A selection of words that you can safely toss out of your vocabulary.

For many people, new year's resolutions entail a clean-out of the cupboard or the basement.

All those once-useful but clapped-out gadgets, outmoded or too-small clothes, the cables to devices long since lost, the book that, once read, will never be opened again - off they go to be recycled.

Like households, language is tidied and renovated, but constantly rather than once a year. Just as you no longer use the chargers for discarded phones, you can safely forget a generation of early tech vocabulary.

Nobody ''instant messages'' anyone anymore; stand alone chat-services have given way to versions integrated into the smartphones or platforms such as Facebook and Slack.

Speaking of Facebook you may not realise that the ''Poke'' and ''Wave'' features still exist, though hardly one uses them, or the attendant terms. 

But technical obsolescence need not dictate the linguistic kind. Computers remind users of their early days every time they ''boot'' them.

Once, computers could not store their own ''operating systems.'' Since it is hard to load software  [including an operating system] without already running software, the clever fixes to this problem were akin to ''pulling yourself up by the bootstraps''.

''Boot'' survived even as computers outgrew this flaw, much as the image of a floppy disk remains the visual embodiment of the ''save'' function.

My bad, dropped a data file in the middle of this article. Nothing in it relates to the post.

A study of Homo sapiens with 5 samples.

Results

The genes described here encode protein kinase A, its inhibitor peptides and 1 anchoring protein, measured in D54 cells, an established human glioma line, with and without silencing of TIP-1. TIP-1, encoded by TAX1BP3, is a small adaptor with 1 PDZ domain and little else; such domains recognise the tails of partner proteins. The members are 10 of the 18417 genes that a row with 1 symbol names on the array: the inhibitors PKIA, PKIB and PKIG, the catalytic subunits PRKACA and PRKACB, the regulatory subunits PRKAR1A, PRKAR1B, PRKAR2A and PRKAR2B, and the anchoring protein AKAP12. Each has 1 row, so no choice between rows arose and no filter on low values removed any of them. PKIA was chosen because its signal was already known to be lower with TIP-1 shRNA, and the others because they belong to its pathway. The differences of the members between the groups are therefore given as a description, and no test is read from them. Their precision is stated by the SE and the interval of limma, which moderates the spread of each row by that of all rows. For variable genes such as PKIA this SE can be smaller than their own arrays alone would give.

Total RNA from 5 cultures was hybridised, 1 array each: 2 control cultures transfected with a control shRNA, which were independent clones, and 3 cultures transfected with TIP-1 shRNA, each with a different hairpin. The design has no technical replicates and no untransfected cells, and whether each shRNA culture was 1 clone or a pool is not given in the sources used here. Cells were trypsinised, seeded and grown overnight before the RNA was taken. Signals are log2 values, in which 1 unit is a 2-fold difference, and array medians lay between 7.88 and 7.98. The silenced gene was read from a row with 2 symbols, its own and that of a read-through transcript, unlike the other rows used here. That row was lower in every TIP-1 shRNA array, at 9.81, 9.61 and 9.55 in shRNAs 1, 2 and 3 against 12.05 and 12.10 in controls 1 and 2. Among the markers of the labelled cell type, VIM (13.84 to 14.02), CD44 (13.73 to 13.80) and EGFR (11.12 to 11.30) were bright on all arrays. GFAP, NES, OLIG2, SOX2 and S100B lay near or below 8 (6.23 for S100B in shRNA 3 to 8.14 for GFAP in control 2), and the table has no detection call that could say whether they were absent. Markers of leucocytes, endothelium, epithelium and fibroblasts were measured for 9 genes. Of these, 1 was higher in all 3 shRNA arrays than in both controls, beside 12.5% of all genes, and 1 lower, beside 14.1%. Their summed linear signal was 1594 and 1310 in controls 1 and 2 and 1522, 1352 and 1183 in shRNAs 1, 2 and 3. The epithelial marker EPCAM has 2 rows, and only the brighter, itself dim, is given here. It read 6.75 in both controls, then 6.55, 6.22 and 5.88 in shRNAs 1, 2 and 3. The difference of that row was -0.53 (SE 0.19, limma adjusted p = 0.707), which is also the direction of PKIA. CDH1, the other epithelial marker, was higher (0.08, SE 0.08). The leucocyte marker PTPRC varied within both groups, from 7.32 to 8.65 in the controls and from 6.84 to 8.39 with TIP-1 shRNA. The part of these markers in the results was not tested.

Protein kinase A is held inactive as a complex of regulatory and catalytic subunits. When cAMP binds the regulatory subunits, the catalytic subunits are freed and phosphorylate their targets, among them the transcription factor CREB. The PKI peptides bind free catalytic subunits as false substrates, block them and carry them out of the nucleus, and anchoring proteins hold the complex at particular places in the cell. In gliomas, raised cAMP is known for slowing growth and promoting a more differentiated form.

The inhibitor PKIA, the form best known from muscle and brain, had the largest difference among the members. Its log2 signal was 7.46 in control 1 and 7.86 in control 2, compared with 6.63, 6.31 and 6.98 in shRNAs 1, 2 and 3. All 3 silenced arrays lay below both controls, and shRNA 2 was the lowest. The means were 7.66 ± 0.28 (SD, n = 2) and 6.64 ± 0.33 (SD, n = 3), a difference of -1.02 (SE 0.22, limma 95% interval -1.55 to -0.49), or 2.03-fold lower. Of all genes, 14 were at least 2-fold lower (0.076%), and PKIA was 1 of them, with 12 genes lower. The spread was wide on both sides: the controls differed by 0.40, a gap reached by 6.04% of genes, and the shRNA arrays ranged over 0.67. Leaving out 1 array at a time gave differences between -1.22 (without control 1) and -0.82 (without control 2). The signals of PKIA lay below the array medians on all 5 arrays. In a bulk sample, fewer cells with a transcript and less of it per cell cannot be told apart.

A common target for a clean-up is the category of ''awesome'' words : brilliant, amazing, epic and their like were all once best in class. They have, through endless use, become dilapidated. They commonly feature on peevers' most-hated-word list, but there is no real reason to bemoan their rise and fall.

Like physical items, terms in frequent use [and people do need to describe awesome and brilliant things] simply wear with repetition. They must be replaced; just as motorists need new tyres every so often, so it is with these words.

Then there is fashion. I every cupboard are a few items which though hardly tattered are hopelessly unwearable, screaming ''2003!'' or thereabouts, to describe straight men who waxed, took expensive care of their hair and so.

''Metrosexual'' faded not mainly because it went out of date, but rather the opposite, because of the success of the underlying concept; even though men started wearing beards and lumberjack shirts, they did so with the exquisite care.

In other words, every man is a metrosexual now, expected to spend time on his grooming. So there is little need for the moniker.

In the same vein, ''hipster'' culture is still dominant, from bare- brick coffee-shops to cocktail bars, that there is scarcely any reason to notice it.

Google searches for the label peaked in America in 2011 and worldwide in 2015.

Picking on hipsters is passe: the photo-blog ''Look At This F...... Hipster'' last posted in 2010.

The honor and serving of the latest operational research on 'World & Wonders', continues. The World Students Society thanks The Economist.